Josh and I have watched an incredible amount of tv this afternoon. We've been watching the series The Men Who Built America that aired on the History Channel last month. For once the History Channel actually showed some history! I love American Pickers and Pawn Stars is okay, but it feels like the History Channel has lost their focus lately. Obviously, the History Channel cares about my opinion of the programming!
This is a fascinating show! There is no doubt that Vanderbilt, Rockefeller, Morgan, and Carnegie were ruthless at times, but they were darn good at what they did. Did you realize that Rockefeller, Morgan and Carnegie controlled the same amount of wealth as the top forty wealthiest people in America today (adjusted for inflation)? That is insane! Rockefeller control 1% of the American economy. That may not sound huge, but it is! Carnegie had the largest personal fortune ever amassed in the modern world (310 billion dollars).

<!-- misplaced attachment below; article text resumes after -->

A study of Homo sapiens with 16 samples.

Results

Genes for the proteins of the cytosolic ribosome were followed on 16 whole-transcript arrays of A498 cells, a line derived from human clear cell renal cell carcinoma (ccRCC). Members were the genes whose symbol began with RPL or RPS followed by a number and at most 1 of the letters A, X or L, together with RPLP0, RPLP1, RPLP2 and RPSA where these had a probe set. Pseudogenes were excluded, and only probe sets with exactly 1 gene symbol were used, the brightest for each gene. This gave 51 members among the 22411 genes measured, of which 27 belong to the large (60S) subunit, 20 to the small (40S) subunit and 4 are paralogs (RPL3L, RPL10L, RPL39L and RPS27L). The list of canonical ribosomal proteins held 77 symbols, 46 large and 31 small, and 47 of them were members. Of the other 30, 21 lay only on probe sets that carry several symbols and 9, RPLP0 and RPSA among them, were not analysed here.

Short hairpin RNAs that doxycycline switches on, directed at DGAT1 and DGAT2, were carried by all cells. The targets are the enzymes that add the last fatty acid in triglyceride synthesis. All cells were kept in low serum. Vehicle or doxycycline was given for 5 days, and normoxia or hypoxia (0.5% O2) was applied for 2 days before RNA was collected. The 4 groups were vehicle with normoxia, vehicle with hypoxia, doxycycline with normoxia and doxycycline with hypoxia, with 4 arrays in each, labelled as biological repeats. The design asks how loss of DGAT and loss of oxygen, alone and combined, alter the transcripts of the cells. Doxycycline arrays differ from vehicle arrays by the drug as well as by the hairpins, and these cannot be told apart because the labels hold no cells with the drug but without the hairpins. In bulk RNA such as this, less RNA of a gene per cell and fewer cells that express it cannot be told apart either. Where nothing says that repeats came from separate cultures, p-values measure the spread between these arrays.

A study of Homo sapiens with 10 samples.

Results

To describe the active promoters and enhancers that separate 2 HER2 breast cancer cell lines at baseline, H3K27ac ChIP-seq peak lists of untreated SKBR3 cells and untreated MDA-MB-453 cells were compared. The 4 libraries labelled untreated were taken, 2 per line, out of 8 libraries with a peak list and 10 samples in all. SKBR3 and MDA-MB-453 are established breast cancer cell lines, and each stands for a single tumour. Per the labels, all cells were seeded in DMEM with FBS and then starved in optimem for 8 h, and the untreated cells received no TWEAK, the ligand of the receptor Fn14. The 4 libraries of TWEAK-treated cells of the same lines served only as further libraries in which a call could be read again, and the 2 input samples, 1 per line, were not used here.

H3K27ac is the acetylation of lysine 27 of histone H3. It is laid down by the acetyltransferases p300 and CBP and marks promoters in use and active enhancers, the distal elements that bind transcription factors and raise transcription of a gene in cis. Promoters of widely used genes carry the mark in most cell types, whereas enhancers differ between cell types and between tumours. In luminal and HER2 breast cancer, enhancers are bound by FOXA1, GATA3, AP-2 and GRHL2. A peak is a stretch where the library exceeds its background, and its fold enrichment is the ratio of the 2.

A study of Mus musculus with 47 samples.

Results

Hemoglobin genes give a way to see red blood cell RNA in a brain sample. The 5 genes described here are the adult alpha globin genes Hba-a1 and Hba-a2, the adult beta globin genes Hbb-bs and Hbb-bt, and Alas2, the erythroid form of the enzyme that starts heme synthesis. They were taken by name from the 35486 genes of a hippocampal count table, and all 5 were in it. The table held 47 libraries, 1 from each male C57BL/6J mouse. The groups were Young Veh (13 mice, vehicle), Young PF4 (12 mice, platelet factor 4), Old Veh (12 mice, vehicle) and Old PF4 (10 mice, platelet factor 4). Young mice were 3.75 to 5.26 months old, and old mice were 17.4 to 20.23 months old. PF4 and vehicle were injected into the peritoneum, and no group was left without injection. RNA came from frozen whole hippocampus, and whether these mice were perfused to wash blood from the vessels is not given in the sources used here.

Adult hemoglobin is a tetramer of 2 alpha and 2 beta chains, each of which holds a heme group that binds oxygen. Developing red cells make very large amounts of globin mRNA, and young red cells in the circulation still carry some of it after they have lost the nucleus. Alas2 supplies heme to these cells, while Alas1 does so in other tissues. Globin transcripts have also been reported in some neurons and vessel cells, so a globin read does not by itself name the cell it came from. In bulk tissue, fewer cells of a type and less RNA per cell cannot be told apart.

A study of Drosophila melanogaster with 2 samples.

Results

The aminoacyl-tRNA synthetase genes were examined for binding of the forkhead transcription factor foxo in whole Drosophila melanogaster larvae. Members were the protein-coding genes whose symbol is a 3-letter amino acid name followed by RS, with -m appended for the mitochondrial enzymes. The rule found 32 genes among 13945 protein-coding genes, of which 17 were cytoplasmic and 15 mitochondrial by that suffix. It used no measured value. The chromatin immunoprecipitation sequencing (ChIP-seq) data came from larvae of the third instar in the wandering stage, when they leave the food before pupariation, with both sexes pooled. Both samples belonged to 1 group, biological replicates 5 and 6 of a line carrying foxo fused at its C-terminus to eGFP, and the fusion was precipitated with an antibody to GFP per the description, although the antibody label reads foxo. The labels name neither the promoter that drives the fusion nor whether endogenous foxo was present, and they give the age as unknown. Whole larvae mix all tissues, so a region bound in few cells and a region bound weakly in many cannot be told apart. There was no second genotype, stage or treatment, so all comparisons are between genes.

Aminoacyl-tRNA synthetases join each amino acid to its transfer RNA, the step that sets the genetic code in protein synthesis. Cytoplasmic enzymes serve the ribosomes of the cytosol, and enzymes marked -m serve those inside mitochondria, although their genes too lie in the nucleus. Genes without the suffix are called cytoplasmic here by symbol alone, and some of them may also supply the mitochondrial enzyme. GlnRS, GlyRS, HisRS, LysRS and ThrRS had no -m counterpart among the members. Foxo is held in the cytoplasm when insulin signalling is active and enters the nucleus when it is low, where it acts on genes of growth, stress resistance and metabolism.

I remember reading about these men in AP US History. I was fascinated by the Gilded Age, but since then I haven't done a lot of reading about history. Life kind of got in the way. This series or mini series, I'm not really sure which, gives a lot more details than we were able to cover in class. I didn't realize the amount of life those three big men controlled. They truly did buy William McKinley's presidency (to my AP History buddies, good ol' William Jennings Bryan was in this..of course he was...that man would Not die!).
I can't imagine having the power and obscene amounts of wealth that those men had. They had blood on their hands, the blood of the common men that they underpaid and overworked. A man working in a Carnegie steel factory had a one in eleven chance of dying in a year. They all knew the conditions their workers faced and they didn't care. They wiped that blood on golden towels.
You do have to respect these men somewhat for the empires that they created considering most of their backgrounds. They took massive risks that paid off even more massively. They are the reason that we still buy into the American dream today.
Good and bad, this show seemed to present the material pretty fairly. It might have been slightly skewed toward the Carnegie/Rockefeller/Morgan side, but not outrageously so. DVR it the next tie it comes on and watch it with some hot chocolate and feel like you learned something!